When Something is Missing


It seems that in the Easter Sunday edition, some 8,000 estimated subscribers received a paper with (get this) the previous week’s comics section! As you might imagine, this didn’t go unnoticed. Angry calls poured in. “Garfield already said that!” Sure, the other “filler” stuff that we have come to enjoy in our daily rag was somewhat contemporary, stuff about some war and a bunch of guys running for president of some country and something about a housing market crisis. I wonder what Garfield thinks about all of that? Sorry, you will have to wait until next week to find out.

Funnies are only funny, I suppose, when they are new and fresh, which brings us to the Big Announcement. It is with a heavy heart that I announce this morning the end of the San Diego Home Blog. It’s time for a change. We are approaching three years here, during which time we managed a to eke out over 660 posts, but we are tired. If we keep going at this rate, if we refuse to evolve and embrace change, we will be no better than the folks who stole Easter. I don’t want to be the one who drives the nice man in Clairemont to the therapist’s couch because he was given the same stats two weeks in a row. One more article on Zillow, and I risk throwing our readers (all six of them) into a state of despair reminiscent of the time they learned The Archies weren’t real people singing in a real band. Or the time Odie ate the cat’s lasagna – same lasgna belonging to the same cat for two consecutive weeks.

I am joining Redfin.

This makes sense because:

  • I am breathing.
  • I have a real estate license.
  • I know how to fill out online forms.
  • I am breathing.

And I am kidding, of course, being that it is April Fools Day and all. But the whole FunnyGate incident left me thinking about the idea of change. In a time when I can more than satisfy my Dilbert needs for the next geologic cycle with a simple, two-second online search, there is by all appearances a rowdy throng of agitated newspaper subscribers wanting, dare I say needing, their Sunday morning dose of cartoon hilarity. These people are fewer in number than those like myself who wouldn’t have noticed if the entire Currents Section was suddenly being written in Sanskrit, but they still exist. And these are the people that our current real estate industry still tends to model their business and their efforts around.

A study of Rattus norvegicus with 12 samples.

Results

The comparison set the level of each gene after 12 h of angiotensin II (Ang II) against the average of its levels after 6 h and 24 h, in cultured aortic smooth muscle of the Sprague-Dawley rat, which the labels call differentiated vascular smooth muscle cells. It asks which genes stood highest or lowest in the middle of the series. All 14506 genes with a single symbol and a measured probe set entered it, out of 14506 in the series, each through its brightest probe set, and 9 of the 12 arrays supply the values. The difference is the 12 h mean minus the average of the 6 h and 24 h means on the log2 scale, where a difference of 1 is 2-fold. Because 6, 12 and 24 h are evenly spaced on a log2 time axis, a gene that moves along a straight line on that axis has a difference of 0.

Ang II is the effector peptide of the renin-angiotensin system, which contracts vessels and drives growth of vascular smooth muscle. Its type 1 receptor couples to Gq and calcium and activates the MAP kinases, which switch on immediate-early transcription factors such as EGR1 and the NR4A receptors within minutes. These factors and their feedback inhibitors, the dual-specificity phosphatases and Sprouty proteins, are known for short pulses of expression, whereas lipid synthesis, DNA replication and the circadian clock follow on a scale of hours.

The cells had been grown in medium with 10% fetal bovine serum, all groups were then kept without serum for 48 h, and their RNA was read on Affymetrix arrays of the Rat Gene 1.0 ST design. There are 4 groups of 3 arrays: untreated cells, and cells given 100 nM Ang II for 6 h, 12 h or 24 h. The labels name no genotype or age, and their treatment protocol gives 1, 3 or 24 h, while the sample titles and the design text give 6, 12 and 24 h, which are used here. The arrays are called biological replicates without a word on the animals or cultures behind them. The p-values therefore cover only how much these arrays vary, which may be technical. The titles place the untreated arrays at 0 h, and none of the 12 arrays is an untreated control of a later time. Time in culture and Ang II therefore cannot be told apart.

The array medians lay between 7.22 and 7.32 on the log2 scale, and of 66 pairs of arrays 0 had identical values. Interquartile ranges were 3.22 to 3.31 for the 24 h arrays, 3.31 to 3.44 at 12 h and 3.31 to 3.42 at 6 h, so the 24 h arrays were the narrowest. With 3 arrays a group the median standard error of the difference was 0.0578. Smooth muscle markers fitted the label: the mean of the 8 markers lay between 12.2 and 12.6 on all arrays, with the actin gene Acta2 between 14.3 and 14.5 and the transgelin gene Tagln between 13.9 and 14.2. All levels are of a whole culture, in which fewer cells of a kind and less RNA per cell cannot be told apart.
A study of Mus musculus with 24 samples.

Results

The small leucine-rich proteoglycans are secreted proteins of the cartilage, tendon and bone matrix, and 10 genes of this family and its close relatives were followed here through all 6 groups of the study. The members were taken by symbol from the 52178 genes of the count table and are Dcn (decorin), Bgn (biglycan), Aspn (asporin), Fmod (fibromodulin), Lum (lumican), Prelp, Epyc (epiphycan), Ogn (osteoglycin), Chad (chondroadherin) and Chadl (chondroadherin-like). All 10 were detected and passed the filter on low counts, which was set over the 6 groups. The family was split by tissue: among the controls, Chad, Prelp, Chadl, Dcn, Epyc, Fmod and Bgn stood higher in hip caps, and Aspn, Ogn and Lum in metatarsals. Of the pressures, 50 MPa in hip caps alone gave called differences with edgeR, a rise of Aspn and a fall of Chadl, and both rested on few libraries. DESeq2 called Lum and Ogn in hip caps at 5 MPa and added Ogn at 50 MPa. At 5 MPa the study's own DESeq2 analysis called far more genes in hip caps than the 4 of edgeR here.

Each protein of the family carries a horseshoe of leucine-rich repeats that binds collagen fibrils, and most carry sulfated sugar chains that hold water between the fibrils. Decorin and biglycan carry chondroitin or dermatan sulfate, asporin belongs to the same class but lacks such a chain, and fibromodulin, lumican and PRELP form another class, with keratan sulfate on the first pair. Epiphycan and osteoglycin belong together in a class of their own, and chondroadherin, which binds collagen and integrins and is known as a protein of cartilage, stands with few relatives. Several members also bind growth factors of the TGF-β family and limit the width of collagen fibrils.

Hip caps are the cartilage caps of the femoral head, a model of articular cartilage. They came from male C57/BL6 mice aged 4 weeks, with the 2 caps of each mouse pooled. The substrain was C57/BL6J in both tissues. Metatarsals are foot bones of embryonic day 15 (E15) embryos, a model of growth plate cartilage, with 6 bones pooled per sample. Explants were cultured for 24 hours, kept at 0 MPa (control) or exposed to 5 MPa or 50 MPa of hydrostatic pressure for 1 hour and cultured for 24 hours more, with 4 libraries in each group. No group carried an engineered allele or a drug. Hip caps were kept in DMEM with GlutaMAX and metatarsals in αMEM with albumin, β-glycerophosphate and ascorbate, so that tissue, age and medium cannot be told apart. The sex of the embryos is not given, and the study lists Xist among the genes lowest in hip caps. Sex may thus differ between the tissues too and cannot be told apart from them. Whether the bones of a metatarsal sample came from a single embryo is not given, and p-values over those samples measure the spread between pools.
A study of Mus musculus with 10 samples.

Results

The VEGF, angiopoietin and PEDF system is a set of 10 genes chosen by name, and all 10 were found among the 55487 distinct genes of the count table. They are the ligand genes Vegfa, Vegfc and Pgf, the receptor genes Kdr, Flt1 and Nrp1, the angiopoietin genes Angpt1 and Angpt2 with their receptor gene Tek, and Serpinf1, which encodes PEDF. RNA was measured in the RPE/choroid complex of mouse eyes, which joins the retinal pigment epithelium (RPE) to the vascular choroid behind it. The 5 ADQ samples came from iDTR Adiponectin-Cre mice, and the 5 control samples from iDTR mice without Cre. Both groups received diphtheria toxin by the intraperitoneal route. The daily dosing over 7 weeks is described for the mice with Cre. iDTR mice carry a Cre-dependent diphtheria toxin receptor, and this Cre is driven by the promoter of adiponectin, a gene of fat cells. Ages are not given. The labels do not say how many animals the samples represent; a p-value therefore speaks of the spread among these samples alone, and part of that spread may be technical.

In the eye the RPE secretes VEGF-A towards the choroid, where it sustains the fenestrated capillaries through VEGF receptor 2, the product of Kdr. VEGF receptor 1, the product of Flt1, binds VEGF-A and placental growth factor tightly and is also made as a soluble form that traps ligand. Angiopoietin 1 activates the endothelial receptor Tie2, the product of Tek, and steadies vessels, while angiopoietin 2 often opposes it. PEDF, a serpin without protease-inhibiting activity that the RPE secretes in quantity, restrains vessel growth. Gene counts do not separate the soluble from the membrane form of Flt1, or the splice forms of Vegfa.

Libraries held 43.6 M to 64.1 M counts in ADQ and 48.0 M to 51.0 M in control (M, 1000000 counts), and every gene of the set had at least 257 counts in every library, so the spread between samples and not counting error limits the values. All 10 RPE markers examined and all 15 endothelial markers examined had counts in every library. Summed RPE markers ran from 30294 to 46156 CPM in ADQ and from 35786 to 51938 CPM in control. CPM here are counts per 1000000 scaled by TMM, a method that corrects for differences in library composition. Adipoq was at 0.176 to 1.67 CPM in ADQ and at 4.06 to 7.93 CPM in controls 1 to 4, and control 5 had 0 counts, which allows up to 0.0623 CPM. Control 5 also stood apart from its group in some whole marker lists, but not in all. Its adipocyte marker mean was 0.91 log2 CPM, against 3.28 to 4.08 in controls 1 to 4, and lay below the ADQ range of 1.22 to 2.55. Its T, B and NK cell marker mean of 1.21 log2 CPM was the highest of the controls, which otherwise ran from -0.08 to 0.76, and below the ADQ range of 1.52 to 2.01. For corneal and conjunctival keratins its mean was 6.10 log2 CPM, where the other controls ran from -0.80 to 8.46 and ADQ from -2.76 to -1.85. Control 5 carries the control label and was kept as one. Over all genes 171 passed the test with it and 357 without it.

This is the one thing that Redfin got right.

It is also the very thing they got wrong. Niche marketing is great, and building an entire business around a single niche, assuming it is large enough to feed the corporate kitty, is also dandy. But, when we start identifying those niches with our stereotypical goggles on, we may find ourselves limiting our actual client base and alienating a larger number of potential customers.

Although I find the Sunday comics an antiquated and flawed humor delivery system, you will notice that I admitted to having read the article about the boo-boo. Call me crazy, but I still read the paper. I have a blog, I know a little html, and I am turning more geek every day, but I still bypass msn.com in favor of the local paper front page for my headlines. I am a hybrid.

If you are a real estate agent over the age of 30 and under the age of retirement, you are an agent in transition, and it is the hybrid that is going to be the cornerstone of your business for the duration. Redfin’s web site, and many others like it, provide an awesome search experience. The Sunday classifieds are going to continue to appeal to a few, but the vast majority of real estate consumers will be getting their news online. How they search and where they search, however, has very little to do with how they buy and sell and with whom. Hybrids.

I encountered two classic examples of this during the past week. The first was a couple who invited us into their home to discuss market conditions and the timing for listing their home. Both were highly educated, both had done more research on real estate current events and economic indicators in the past month than ninety-nine percent of the working agents I know have done in their lifetimes. They had a pile of spreadsheets more impressive than Mel Gibson’s rap sheet. But, now it was time to bring it home. They are hiring an agent. We were referred, and not by Google, but by a real person living in our community.

My second recent hybrid encounter was a buyer. She is a Ph.D who just relocated to San Diego. We have been out looking at homes before. She brought to this meeting a steaming mound of computer printouts with school boundaries and test scores and listings. And she called the meeting as a courtesy. Given the market and her timing flexibility, she is planning on waiting until the end of the year to buy. In the meantime, however, she wants to continue looking at homes every couple of weekends to keep current on the market and the products and the prices. “Are you okay with that?” she wanted to know, saying that she didn’t want to misrepresent or waste my time. Yes, I am always “okay with that,” because that is what we do. We help people buy and sell homes within their timeframes and on their terms. The whole “buying a home thing” is a pretty big deal, after all.

There may come a day when you can entirely automate and depersonalize this business of ours. There may come a day when the vast majority of real estate consumers will be prepared to kick the agent as we know him to the curb. Yet while we are an industry and even a society in transition, I don’t expect to see this day during my career. Our clients for the foreseeable future will be hybrids; they want their Facebooks online and their Doonesbury in print. They want their real estate information on the Internet but they want their closing at the kitchen table.

When you think about it, that’s pretty funny.